German Society of Oto-Rhino-Laryngology, Head and Neck Surgery

01.06. - 05.06.2011, Freiburg

Hyoidpharyngoplasty – a surgical approach to supraglottic obstruction in hyoid based pharyngeal stenosis

Meeting Abstract


doi: 10.3205/11hno67, urn:nbn:de:0183-11hno678

Published: August 3, 2011

© 2011 Schedler et al.
This is an Open Access article distributed under the terms of the Creative Commons Attribution License ( You are free: to Share – to copy, distribute and transmit the work, provided the original author and source are credited.



Supraglottic obstruction in adults is a largely unknown and scarcely described airway disease. In our experience it plays a major role not only in dysphagia, globus sensation and intubation problems (Cormack/Lehane III/IV), but also in sleep related breathing disorders like OSA, especially in patients, suffering from supine position based apnea(asphyxia) (SPBA). SBPA can be present at 2 distinct anatomic levels: Level I – base of tongue, Level II – supraglottis. This anatomic variety is not rare and could be detected in almost 30% of our series of suspected apnea patients, receiving somnoscopic evaluation (2416 videodocumented cases, [1]). Still this condition is almost undetectable in medical literature. Even supraglottic obstruction is scarcely described and if, mostly in newborns.

We refer to SBPA level I as "hyoid based pharyngeal stenosis/obstruction" and level II as adult form of laryngomalacia, in typical case caused by overly large and/or "floppy epiglottis". In the ideal setting both conditions can be coped for by N-CPAP ventilation, while unfortunately level I and II obstructions are in our series a major cause for N-CPAP non-compliance or intolerance [1]. Regarding this group of non-compliant patients, a differential indication, regarding obstruction level and morbidity had to be implemented. We found, a resection of hyoid corpus and pre-epiglottic adipose tissue, followed by a "dead space suture" (Hyoidpharyngoplasty-HPP) to be very help-full in level I obstructions, i.e. resolving compliance problems and enabling tolerance to N-CPAP ventilation.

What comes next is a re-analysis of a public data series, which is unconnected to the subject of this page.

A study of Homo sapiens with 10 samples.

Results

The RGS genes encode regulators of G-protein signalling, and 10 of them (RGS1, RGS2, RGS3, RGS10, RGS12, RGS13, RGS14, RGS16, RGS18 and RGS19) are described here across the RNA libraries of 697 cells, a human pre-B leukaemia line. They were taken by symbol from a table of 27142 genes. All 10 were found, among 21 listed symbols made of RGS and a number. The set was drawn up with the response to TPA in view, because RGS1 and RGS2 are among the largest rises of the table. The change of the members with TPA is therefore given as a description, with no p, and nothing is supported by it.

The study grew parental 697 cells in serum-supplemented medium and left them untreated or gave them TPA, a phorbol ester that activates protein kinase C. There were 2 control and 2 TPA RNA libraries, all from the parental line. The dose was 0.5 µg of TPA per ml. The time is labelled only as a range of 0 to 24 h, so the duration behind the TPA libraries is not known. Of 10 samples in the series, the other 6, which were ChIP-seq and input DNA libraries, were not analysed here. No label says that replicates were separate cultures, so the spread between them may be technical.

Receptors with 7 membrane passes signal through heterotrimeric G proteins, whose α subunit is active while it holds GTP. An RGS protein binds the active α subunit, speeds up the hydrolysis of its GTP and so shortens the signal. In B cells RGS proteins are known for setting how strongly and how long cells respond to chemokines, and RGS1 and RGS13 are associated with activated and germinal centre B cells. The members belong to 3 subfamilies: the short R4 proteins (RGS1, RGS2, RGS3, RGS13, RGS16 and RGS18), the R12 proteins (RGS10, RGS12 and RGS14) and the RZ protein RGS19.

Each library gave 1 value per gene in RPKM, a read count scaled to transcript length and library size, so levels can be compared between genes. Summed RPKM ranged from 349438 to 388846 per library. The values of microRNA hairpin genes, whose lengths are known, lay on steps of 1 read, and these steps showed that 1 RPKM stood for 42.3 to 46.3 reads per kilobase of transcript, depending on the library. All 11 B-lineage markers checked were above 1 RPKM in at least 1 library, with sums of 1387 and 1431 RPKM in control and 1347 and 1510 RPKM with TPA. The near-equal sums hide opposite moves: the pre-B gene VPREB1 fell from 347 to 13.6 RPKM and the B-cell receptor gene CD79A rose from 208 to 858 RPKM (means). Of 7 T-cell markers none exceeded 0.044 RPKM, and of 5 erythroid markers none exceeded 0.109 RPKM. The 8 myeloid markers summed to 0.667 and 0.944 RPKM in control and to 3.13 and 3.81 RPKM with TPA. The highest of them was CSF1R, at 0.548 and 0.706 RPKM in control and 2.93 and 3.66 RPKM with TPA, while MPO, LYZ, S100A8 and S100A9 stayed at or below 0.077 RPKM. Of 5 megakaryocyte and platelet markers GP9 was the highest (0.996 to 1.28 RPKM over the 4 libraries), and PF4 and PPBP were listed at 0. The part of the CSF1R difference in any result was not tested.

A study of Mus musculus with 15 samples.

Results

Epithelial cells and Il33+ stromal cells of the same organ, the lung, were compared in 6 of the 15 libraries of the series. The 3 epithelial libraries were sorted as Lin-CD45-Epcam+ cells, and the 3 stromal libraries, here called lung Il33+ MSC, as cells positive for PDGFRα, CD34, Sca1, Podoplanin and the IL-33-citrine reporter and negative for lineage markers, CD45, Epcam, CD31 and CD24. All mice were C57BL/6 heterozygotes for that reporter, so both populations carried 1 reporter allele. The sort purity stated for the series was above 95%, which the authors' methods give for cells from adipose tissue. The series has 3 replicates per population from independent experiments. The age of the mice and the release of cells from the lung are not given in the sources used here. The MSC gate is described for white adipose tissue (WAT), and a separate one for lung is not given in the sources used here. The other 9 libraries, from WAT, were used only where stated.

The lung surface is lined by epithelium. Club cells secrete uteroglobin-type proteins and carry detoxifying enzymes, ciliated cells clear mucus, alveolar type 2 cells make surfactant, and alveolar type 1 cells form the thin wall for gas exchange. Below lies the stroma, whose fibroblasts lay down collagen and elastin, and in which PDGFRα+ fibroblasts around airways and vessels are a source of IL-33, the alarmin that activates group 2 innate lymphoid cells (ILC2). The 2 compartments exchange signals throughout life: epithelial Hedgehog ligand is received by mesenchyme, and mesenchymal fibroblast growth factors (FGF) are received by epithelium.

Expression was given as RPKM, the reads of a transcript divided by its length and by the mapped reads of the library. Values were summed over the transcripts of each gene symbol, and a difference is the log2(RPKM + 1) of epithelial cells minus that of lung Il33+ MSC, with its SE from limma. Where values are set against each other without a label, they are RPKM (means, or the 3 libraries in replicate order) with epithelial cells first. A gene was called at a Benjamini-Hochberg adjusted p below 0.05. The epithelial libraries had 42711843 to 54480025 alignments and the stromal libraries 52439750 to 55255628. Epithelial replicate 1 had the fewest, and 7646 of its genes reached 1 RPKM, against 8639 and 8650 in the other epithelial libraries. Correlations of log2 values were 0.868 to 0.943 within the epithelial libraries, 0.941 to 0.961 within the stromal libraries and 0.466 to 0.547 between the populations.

Since the year 2004, our primary indications for HPP like – Cormack/Lehane III/IV intubation problems, "retracted hyoid bone", inability of complete exposure of Larynx by straight endoscopy needed for oncologic reasons (e.g. microlaryngoscopic tumor resection), dysphagia caused by pharyngeal stenosis, SBPA, not always (or not yet?) correlated with OSA – have shifted towards surgical induction of N-CPAP tolerance.

This indication had been introduced at our hospital 04/2004: N=96 pat., m=72, f=24, range 24–73 years.

Indications: N-cPAP intolerance N=67, non-compliance (unclear reason) N=29, complications: N=13: persisting globus sensation>4 weeks N=7, dysphagia >4 weeks N=3, seroma N=2, wound infection N=1.

Results: average improvement of Cormack/Lehane index from 3,1 to 2,3 N=54 (n.s.), average improvement of AHI pre/post op: -11,6/h, range 3–42/h, N=88 pat., induction of N-CPAP tolerance N=37 (55%), induction of compliance N=12 (41%). Dysphagia improved N=34 pat., subjective improvement of airway and sleep quality N=76 (86%) of N=88 evaluable patients. Our data suggest an impact rate of procedure of approx. 50% in non tolerant/non compliant N-CPAP patients, but need to be verified in controlled, prospective trials. A subgroup of patients that discontinued N-CPAP for objective improvement of AHI and sleep quality is currently investigated.